Carl N. Lester MPH ’65 has had a 50-year public health career that includes managing public hospitals and health agencies. He was the Director, Alameda County Health Care Services Agency. Under his leadership, Alameda County begin changing its public health clinics to comprehensive primary care centers and started funding and integrating community clinics into the county’s outpatient service network. He developed culturally relevant environmental justice and health career educational strategies and programs for at-risk youth. In 2005, he established the Center for Health Career Development at the Alameda County Medical Center, to help at-risk youth get into colligate health and biotechnology programs. He had gubernatorial appointments to serve on state medical and health advisory boards.
On public health and the challenges we face
Public health programs and initiatives are essential to the vitality, social, economic prosperity, health, international influence, and the overall well-being being of a country. They have led to increased life expectancies, the eradication or reduction of many communicable diseases, and the worldwide reduction in infant and child mortality. Other significant challenges that public health have address included, among others, AIDS/HIV, tuberculosis and malaria, recognition of tobacco as a major health problem, Severe Acute Respiratory Syndrome (SARS), immunizations and control of infectious diseases, fluoridation of drinking water, safer, and healthier foods, and work-related health problems, and clean air and water.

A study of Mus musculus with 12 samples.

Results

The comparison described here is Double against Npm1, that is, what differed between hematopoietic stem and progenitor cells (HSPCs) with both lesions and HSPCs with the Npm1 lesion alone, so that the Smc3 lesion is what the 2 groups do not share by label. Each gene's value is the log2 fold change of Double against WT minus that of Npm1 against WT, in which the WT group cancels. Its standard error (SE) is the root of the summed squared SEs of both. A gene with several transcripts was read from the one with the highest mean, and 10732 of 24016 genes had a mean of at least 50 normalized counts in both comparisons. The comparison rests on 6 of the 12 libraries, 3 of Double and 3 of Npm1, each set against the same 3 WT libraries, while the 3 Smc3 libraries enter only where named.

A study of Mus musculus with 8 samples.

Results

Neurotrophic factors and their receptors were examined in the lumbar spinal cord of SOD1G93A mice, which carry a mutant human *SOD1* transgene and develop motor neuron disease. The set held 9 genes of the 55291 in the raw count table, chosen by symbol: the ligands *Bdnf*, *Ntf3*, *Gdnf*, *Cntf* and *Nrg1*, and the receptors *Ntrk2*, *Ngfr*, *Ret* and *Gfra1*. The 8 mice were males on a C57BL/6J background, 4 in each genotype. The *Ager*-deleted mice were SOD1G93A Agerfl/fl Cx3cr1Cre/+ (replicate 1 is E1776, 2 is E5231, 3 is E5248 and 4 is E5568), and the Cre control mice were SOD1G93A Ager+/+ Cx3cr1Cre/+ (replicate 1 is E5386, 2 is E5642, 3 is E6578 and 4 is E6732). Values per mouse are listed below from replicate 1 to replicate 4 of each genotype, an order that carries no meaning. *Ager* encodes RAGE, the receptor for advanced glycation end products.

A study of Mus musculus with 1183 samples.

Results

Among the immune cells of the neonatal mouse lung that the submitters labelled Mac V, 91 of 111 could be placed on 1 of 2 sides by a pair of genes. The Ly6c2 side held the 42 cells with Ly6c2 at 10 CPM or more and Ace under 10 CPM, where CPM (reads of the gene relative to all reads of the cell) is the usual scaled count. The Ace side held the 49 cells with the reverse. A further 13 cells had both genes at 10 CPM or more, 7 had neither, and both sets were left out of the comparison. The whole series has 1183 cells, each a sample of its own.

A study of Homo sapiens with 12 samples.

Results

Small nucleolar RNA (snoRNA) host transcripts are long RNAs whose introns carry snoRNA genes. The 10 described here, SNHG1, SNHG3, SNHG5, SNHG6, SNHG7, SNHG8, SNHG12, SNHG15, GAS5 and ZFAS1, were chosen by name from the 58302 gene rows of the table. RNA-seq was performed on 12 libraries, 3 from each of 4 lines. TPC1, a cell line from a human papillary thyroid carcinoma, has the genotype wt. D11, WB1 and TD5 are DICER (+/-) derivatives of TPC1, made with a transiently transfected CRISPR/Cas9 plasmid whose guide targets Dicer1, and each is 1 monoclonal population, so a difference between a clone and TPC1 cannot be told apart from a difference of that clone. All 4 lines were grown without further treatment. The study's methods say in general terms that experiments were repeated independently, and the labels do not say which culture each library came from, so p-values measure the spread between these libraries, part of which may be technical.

I believe that some of major public health challenges that should be address on a global health basis include: health inequity and disparity issues (old problems not yet solved), protecting health from climatic change, and the growing problem of environmental pollution (air, water, land).
In 1965, when I started at the School of Public Health, historical changes were happening in the nation’s health care system. Strategies for implementing Medicare and Medicaid were being debated and formulated by Congress and the states. In California, the key issue was what state department would be best suited/positioned to administer the state’s Medicaid program, the Department of Public Health, Department of Social Services, or should a new agency be established to administer the program. My mentor, Dr. Alfred Childs, ensured that I was well-grounded in the law, funding issues, and the significant implementation concerns. He guided my attendance at key public hearings and debates. This educational experience greatly enhanced and broaden my public health employment opportunities.